The Great Tiny Baby Rescue
The Great Tiny Baby Rescue
The babies come in all sizes.
They arrive at the rescue center weighing anywhere from 1.5 to 36 pounds. Some are new-borns, some are 19 years old. Technically, then, they aren't all babies. But technicalities weigh little in matters of life and death. All the children brought here are helpless and need critical care—or they will die. Of the 1,200 children treated at the center last year, 85 did die.
I have traveled here with World Help, a faith-based humanitarian group located near my home in Virginia. World Help partners with ministries worldwide, bringing to impoverished communities a bit of America's bounty. One of World Help's more than 100 partners is Hope of Life here in Zacapa, a flat, fertile valley nestled next to the Rio Grande de Zacapa in eastern Guatemala.
Rescuing babies has brought me here.
The fragile, dying babies that surround me remind me of other babies I tried to rescue, years ago, in America, at the crisis pregnancy center. And at the abortion clinics. And even the ones I could not bear. I could not see or hear or hold those babies. But these I can. And I do.
Crossing to Hope
The ministry began in 1987, when Carlos Vargas made a sickbed bargain with God.
Born and raised in the Guatemalan village of Llano Verde, as a teenager Vargas left for the United States, where he became a successful businessman. But he was forced to return to Llano Verde when an unknown illness crippled him, threatening to keep him in the village the rest of his life. Moved one day by an elderly beggar, Vargas gave the man money and promised God that if he could get out of bed, he would spend his life serving the poor.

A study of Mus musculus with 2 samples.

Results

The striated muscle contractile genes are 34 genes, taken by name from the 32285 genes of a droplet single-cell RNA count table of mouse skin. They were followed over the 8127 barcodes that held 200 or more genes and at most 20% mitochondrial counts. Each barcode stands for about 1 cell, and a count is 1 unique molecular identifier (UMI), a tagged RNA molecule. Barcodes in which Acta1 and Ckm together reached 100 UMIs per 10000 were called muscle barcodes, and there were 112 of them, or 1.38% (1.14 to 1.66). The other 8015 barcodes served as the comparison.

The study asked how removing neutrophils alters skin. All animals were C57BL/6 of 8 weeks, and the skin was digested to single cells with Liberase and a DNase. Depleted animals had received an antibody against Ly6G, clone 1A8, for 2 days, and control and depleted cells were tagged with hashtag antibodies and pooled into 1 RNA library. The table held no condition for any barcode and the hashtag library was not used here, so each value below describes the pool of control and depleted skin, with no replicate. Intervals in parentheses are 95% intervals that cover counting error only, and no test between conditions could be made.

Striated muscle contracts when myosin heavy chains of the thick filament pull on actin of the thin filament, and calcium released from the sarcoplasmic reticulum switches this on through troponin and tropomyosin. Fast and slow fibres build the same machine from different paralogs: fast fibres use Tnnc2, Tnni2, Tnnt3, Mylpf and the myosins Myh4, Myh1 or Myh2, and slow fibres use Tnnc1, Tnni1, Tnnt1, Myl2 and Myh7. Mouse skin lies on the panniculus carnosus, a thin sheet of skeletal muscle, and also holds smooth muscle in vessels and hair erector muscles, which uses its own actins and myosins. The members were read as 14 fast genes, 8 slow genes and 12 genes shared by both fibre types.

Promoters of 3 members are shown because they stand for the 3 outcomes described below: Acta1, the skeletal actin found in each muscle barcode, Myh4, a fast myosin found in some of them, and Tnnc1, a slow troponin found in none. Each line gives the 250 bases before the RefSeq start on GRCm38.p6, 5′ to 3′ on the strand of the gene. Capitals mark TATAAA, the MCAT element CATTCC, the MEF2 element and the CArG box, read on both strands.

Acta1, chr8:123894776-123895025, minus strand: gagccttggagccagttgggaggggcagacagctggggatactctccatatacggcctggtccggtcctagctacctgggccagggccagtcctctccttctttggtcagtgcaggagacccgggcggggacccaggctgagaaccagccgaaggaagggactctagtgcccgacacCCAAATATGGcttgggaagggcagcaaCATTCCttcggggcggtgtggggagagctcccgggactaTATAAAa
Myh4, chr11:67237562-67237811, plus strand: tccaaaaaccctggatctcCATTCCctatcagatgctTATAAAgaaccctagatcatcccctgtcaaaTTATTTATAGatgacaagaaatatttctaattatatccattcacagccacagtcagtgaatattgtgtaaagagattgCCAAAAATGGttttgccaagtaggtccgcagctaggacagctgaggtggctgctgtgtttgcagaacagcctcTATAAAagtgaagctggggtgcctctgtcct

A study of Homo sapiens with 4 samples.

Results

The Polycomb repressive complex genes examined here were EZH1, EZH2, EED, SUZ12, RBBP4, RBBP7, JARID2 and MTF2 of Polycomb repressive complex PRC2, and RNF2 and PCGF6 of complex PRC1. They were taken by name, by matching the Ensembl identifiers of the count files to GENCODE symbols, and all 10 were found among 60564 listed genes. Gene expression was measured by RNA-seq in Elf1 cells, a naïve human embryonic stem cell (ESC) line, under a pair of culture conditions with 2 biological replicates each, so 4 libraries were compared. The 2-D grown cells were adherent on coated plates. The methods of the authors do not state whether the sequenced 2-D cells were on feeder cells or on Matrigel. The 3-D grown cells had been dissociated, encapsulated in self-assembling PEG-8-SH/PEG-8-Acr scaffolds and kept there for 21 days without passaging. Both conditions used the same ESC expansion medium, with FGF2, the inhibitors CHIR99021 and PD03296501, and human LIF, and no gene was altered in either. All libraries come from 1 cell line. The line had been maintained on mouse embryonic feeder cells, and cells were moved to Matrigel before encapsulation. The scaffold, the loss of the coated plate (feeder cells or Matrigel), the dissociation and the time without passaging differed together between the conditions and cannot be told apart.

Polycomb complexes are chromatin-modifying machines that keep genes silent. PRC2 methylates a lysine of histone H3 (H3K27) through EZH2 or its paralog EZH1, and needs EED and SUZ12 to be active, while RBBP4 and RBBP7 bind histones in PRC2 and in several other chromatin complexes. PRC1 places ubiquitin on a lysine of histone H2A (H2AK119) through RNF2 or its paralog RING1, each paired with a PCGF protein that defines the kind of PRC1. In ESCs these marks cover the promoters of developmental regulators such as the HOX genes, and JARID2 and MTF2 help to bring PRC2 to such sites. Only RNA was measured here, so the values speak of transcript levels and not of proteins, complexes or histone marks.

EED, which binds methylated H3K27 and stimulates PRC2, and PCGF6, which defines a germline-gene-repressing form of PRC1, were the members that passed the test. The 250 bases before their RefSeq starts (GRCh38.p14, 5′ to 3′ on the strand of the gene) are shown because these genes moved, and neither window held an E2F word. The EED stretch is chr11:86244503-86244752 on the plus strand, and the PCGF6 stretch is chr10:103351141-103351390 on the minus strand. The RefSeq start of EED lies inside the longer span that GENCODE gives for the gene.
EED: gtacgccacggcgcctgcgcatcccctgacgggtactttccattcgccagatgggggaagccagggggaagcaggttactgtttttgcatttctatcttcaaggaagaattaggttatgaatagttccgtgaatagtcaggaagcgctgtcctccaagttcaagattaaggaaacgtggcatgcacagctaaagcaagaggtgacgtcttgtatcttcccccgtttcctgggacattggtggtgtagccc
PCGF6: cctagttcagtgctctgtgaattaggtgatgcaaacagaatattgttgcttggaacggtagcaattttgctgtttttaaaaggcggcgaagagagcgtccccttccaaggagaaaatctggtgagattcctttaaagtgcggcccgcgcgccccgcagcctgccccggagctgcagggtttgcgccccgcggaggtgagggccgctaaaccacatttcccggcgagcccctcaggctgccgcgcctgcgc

Both God and Vargas kept their word. Vargas recovered, and he soon built a home for the elderly. It became one of the first buildings of a ministry that has burgeoned into a 3,000-acre campus—almost 5 square miles—that serves Guatemala's most vulnerable citizens from crib to wheelchair. Beyond home base, Hope of Life serves outlying communities by sponsoring children, building wells and new homes, running feeding centers, leading schools, and more. Partnering with World Help, American companies provide surplus goods in a makeshift store where villagers shop using tickets given by Hope of Life based on family size. Missions teams—which descend upon the campus every week—distribute new shoes to surrounding villages. The ambulance used to transport rescued children was donated by a church in Virginia.
Operation Baby Rescue, a partner program with World Help, is only the beginning of Hope of Life's ministry. "While rescuing babies is a priority, we are investing in the rest of their lives and in their communities," explains Noel Yeatts, vice president of World Help. "It doesn't end with baby rescue. We are doing multiple things to break the cycle of death and despair."
Today, one of the rescued "babies" who just arrived is 13-year-old Noë, who rests in his father's arms. They are accompanied by six more sick children and five family members—each toting a few possessions in small plastic bags. They have walked for hours from a remote mountain village, arriving at the bank of El Motagua River. They are met by World Help and Hope of Life staff. Rugged oarsmen ferry them to the other side, where an ambulance awaits.
Noë's father bears his son up the steep grassy bank toward the ambulance. His dark face is set grimly, his eyes lit with fear. Many indigenous Maya mountain dwellers suspect Western Christians of wanting to trade the children in the country's thriving human trafficking scene—or worse. Some families, believing shamans' promises to heal their sick children, have only seen their loved ones deteriorate. Between fear and empty promises, Noë suffers— from cerebral palsy, pneumonia, and severe malnutrition. His father finally lifts his son's limp-limbed body into the ambulance. Medical personnel lay Noë gently on a bench next to me, as I take into my own arms Rosalia, another child who has crossed the river today.